Written by Andrew Cocks
According to research by Deloitte, 87 percent of organizations cite culture and engagement amongst their top challenges. A key part of addressing these challenges, and creating a high-performance culture driven by engaged employees, is to disentangle the two. But this is something that many companies struggle with, particularly when it comes to measurement.
Both culture and engagement deliver major benefits. A high-performing culture helps organizations stay agile, customer-focused, and deliver on their strategic objectives in line with their company values. Engaged employees are more productive and are less likely to leave.
While both are important and closely connected, each is very different in nature and needs to be measured using specific methodologies. The problem is that companies often use the same tools to monitor both. For example, surveys that are supposed to be measuring aspects of culture are actually engagement surveys in disguise. If you aren’t clear on what you are measuring, then both your cultural change and employee engagement programs will fail to deliver to their potential.
The best way to understand the differences between the two is to think of employee engagement as focusing on the ‘I’ and culture as about the ‘We.’ So engagement is related to the personal views and opinions of employees about their employer and place of work. Thus engagement surveys might indicate how likely someone is to remain at a company for the long term and can take in factors such as advocacy and productivity. Engagement can be damaged or even destroyed quickly by the actions of a manager or other factors, for example.
Culture, on the other hand, rests on core values that can be buried deep within an organization and can be difficult to quantify or assess objectively. At a basic level, it is about “the way we do things around here.” Changing culture is tough and time-consuming because it’s often self-reinforcing. To make a difference in company culture, you need a sustained culture change program or experience a major external factor, such as a merger or acquisition.
Measuring employee engagement is important because there is a direct link between engaged staff and retention, productivity, and the bottom line. As this basic premise is the same across all organizations there are standard methodologies for measuring engagement that you can adopt.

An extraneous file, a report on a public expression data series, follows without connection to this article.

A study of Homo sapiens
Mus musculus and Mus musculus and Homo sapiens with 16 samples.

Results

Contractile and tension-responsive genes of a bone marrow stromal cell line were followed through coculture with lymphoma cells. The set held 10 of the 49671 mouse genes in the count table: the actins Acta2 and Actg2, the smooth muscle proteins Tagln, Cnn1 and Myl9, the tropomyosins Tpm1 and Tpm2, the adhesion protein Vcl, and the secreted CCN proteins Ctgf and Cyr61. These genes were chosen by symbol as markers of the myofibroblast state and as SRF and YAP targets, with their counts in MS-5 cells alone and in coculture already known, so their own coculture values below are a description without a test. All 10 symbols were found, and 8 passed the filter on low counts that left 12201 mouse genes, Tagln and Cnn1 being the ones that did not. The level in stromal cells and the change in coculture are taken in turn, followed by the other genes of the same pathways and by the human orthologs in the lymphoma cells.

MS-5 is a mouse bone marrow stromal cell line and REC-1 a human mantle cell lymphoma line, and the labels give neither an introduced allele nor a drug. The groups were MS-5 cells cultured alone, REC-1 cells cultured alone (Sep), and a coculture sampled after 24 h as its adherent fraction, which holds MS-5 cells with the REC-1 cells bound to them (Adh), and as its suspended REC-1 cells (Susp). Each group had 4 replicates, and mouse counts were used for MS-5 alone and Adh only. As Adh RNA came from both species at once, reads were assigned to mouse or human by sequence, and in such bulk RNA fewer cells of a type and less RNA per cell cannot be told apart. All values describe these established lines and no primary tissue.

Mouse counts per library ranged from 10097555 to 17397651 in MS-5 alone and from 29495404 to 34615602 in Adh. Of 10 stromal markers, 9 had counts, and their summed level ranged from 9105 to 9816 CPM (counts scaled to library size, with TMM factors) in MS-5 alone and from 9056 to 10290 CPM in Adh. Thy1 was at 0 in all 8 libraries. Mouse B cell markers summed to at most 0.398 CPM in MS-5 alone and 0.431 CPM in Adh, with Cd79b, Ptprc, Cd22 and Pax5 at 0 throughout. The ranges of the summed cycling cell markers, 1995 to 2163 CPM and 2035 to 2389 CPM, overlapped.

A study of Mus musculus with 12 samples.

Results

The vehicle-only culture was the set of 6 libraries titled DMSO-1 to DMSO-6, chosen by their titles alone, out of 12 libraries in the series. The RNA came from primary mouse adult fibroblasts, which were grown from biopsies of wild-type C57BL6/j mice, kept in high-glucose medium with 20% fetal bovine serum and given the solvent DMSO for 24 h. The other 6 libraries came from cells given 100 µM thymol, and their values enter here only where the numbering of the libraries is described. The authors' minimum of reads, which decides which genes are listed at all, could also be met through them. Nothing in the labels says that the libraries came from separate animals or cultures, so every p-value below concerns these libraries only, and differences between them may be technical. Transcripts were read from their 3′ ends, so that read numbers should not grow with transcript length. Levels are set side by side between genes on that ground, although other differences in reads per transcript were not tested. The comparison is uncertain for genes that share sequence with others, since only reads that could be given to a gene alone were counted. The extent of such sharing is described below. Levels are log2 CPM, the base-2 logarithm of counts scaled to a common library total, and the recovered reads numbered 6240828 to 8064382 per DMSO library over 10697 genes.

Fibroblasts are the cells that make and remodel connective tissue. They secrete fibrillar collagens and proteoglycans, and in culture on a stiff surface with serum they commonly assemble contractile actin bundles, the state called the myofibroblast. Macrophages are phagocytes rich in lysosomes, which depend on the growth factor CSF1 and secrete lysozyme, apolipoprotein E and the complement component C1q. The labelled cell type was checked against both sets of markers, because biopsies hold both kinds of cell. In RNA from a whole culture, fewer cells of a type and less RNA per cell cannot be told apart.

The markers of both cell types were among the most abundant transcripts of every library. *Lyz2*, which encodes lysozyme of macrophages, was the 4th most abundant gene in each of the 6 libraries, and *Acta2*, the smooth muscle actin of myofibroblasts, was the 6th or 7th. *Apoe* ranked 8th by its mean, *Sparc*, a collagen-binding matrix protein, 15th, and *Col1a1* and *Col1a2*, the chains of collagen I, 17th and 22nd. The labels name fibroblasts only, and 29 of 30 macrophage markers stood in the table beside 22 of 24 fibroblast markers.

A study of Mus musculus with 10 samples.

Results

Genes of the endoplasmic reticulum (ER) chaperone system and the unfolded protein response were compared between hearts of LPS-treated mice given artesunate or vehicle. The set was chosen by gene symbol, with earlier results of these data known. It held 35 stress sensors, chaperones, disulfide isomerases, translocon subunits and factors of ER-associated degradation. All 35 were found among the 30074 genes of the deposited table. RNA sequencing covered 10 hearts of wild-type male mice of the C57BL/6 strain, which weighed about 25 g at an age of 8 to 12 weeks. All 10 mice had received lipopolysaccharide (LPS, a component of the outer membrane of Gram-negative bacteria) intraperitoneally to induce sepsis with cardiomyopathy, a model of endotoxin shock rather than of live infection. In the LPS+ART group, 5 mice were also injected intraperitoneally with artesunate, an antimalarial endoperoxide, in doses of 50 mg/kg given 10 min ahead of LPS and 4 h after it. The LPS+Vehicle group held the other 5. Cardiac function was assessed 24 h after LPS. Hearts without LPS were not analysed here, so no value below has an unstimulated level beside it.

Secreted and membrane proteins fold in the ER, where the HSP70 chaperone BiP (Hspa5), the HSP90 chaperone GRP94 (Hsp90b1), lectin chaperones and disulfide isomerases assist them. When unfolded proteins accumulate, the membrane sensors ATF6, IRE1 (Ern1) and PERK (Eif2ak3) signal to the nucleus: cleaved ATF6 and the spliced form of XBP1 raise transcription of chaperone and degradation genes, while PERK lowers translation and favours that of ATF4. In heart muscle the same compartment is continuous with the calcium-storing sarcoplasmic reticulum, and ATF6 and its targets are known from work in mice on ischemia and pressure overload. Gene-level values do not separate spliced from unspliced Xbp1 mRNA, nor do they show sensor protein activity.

Culture is different. Measuring culture is important because organizations want their culture to support their strategic objectives without conflicting with company values. You need to start by understanding where the culture is now, to help you plan what needs to change to create a high-performing culture. Unlike employee engagement, culture is more focused on an organization’s specific priorities and vision, so off-the-shelf surveys won’t work.
Not only are culture and engagement measured for different reasons, but they have to be assessed differently. For example, to monitor engagement levels you can look at the results of your engagement survey and see the extent to which employees are engaged or not based on the scores you receive. You can then look at how to make improvements. Essentially it is simple to see how you are doing and to make comparisons with previous years or similar organizations.
With culture, on the other hand, there are no right or wrong answers. The organization has to define what is ‘good’ or ‘bad’, based on its values and business strategy. These perspectives on culture will vary greatly between organizations. The culture that a bank is looking for is going to be very different to that of a start-up, for example.
To measure (and change) culture the first step is to develop a self-awareness of what your prevailing culture actually is and then assess the gap between this and the ideal future state. An initial step is to explore leadership and management behaviors, as these are key to defining and reinforcing culture.
Next, measure the current experience of employees. While this step will build on existing employee engagement measures, it should be treated as a separate exercise to traditional engagement surveys. For example, staff should be free to describe how their current experience compares with what they perceive to be the future ideal. In particular, you need to understand how closely aligned this future ideal is to the culture goals defined by your corporate strategy, values, and vision. Is it a controlling, creative, competitive, or cooperative environment, and how does this vary between subsidiaries or departments? Categorizing your culture provides an essential common vocabulary for how you discuss current and target culture and the changes you need to make.
To drive culture change focus on the management actions that can encourage the behaviors you want. To develop a high-performance culture the organization needs to consistently reinforce these behaviors rather than those that maintain the status quo. Ensure you continue to measure these behaviors alongside traditional engagement metrics such as attitudes, beliefs, and perceptions, but use separate tools that recognize the difference between the two.
If you want to create a high-performance culture driven by engaged employees you need to disentangle the two and understand where your culture currently sits. Use the right methodologies for measuring each area – as there is no one size fits all process or tool that covers both.
Learn more about the Tivian’s Culture Quest toolkit and how it can help you move to a high-performing culture here.